For those who believe in making war, Kabul is a notable work product. After 30 years, the results are in: a devastated city.
A stale witticism calls Afghanistan's President Hamid Karzai "the mayor of Kabul." Now, not even. On block after block in the Afghan capital, AK-47s are conspicuous in the hands of men on guard against a near future. Widely seen as corrupt, inept and — with massive election fraud — now illegitimate, Karzai's government is losing its grip along with its credibility.
Meanwhile, a war-stoking mindset is replicating itself at the highest reaches of official Washington — even while polls tell us that the pro-war spin has been losing ground. For the U.S. public, dwindling support for the war in Afghanistan has reached a tipping point. But, as you've probably heard, the war must go on.
Kabul's streets are blowing with harsh dust, a brutal harvest of chronic war that has destroyed trees and irrigation on mountains around the city.
Visiting Kabul in late August, I met a lot of wonderful people, doing their best in the midst of grim and lethal realities. The city seemed thick with pessimism.
In comparison, the mainline discourse about Afghanistan in the United States is blithe. A familiar duet has the news media and the White House asking the perennial question: "Can the war be won?"
The administration insists that the answer is yes. The press is mixed. But they're both asking the wrong question.
More relevant, by far, would be to ask: Should the U.S. government keep destroying Afghanistan in order to "save" it?
All over Kabul, men are tensely holding AK-47s; some are pointing machineguns from flatbed trucks. But the really big guns, of course, are being wielded from Washington, where administrative war-making thrives on abstraction. Day to day, it can be easy to order the destruction of what and who remain unseen.
Truly, the worst enemy in Afghanistan is poverty. But the U.S. government keeps waving a white flag.
Does anyone in the upper reaches of the Obama administration actually grasp what it means that Afghanistan's poverty is very close to the worst in the world?
The current version of the best and the brightest should ponder the kind of data that can be found in the CIA World Factbook, such as Afghanistan's infant mortality rate — defined as "the number of deaths of infants under one year old in a given year per 1,000 live births in the same year." The current number is 154.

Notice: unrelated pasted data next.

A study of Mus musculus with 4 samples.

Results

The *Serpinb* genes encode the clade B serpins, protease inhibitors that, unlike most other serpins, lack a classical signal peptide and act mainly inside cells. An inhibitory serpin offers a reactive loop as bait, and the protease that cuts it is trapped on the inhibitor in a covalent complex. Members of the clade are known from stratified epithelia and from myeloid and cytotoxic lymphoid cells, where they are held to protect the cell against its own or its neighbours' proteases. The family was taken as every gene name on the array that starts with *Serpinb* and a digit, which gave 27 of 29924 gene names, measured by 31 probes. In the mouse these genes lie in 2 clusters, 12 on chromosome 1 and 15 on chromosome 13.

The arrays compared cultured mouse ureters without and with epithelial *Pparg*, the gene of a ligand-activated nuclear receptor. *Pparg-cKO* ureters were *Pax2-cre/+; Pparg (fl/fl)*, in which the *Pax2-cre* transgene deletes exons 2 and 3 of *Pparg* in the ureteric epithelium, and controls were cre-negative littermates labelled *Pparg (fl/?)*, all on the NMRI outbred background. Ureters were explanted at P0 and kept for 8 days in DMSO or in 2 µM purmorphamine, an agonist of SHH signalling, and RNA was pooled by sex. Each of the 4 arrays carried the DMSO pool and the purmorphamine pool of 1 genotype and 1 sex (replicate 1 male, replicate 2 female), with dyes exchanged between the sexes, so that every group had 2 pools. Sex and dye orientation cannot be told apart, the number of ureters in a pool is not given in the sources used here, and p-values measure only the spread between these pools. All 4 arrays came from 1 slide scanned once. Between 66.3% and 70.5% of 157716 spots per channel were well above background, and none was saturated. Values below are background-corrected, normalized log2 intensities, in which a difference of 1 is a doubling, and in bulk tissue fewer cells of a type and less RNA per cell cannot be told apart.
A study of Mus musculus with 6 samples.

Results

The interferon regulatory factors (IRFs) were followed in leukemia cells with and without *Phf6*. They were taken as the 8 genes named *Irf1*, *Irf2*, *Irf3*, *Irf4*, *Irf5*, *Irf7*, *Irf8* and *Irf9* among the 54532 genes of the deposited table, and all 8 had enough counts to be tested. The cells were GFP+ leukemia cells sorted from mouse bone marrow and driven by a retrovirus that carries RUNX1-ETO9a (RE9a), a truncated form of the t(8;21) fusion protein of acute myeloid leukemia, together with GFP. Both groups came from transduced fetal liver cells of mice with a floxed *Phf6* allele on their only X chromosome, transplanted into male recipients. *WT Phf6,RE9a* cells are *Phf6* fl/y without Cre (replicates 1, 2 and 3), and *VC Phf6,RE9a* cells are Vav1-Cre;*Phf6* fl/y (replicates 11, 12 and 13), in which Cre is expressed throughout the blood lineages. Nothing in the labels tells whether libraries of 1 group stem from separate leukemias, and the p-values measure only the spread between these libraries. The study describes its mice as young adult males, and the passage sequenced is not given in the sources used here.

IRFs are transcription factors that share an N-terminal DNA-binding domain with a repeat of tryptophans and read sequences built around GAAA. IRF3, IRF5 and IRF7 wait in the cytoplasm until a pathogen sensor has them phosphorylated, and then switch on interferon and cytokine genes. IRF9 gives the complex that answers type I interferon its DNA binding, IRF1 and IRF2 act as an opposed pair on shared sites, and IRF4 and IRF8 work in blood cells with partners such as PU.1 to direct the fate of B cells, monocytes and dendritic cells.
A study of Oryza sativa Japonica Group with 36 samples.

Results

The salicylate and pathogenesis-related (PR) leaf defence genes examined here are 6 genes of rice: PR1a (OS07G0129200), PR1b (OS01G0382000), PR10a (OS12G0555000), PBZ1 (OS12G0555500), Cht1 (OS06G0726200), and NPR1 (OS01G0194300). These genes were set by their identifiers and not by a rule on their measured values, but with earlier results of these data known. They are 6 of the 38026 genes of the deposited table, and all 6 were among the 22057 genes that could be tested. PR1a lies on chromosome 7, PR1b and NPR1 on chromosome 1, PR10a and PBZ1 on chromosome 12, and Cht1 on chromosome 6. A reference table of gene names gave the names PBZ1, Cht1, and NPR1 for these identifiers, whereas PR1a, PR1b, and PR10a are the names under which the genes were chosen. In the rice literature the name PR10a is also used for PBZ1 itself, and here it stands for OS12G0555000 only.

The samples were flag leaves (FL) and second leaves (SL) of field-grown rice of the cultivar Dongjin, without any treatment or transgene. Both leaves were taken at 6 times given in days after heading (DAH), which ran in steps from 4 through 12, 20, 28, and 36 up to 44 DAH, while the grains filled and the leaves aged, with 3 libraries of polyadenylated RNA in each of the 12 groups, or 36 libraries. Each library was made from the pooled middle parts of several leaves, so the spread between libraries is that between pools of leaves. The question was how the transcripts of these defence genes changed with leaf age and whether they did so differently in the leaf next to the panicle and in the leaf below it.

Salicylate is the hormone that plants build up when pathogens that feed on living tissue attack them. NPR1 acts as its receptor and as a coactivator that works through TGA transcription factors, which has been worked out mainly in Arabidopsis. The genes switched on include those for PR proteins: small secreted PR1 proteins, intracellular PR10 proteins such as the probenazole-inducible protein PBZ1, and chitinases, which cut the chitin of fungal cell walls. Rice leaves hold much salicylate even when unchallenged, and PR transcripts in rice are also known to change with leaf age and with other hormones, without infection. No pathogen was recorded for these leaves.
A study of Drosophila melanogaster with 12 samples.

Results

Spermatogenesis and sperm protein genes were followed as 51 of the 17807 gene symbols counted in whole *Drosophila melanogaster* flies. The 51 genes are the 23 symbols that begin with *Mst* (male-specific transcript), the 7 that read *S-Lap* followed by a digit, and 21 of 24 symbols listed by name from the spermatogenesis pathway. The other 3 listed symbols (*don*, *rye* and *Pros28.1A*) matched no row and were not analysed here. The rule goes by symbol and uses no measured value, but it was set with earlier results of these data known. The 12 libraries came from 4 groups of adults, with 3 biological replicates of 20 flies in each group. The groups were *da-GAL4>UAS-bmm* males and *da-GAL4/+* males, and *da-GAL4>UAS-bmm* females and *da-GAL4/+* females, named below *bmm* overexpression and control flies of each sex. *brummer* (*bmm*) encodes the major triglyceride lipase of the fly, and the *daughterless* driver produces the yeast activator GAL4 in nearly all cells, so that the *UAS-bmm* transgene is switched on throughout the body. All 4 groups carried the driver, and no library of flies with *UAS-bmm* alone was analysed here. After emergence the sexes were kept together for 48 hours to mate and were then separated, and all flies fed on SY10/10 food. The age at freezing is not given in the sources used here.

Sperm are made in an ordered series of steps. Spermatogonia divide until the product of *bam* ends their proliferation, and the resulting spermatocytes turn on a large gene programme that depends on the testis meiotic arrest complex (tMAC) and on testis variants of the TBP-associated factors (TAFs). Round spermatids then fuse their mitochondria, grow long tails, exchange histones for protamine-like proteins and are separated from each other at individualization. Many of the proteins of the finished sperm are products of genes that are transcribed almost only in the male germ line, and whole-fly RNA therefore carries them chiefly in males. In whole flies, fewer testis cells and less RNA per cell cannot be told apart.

Last year, while the U.S. government was spending nearly $100 million a day on military efforts in Afghanistan, an Oxfam report put the total amount of humanitarian aid to the country from all sources at just $7 million per day. Not much has changed since then. The supplemental funding measure that the White House pushed through Congress a few months ago devotes 90 percent of the U.S. spending in Afghanistan to military expenditures.
Dimes to nurture life. Dollars to destroy it.
I hate to think of the kind of future that the U.S. war escalation foreshadows for the very thin children I saw in Kabul, flying ragged little kites or playing with toys like an empty plastic soda bottle with a rope tied around its neck.
Echoing now is a speech from Martin Luther King Jr. on April 4, 1967. If we replace the word "Vietnam" with "Afghanistan," the gist of his message is with us in the autumn of 2009:
"Somehow this madness must cease. We must stop now. I speak as a child of God and brother to the suffering poor of Afghanistan. I speak for those whose land is being laid waste, whose homes are being destroyed, whose culture is being subverted. I speak for the poor of America who are paying the double price of smashed hopes at home, and death and corruption in Afghanistan. I speak as a citizen of the world, for the world as it stands aghast at the path we have taken. I speak as one who loves America, to the leaders of our own nation: The great initiative in this war is ours; the initiative to stop it must be ours."
Norman Solomon is the author of the book "War Made Easy: How Presidents and Pundits Keep Spinning Us to Death," which has been made into a documentary film. For information, go to: www.normansolomon.com.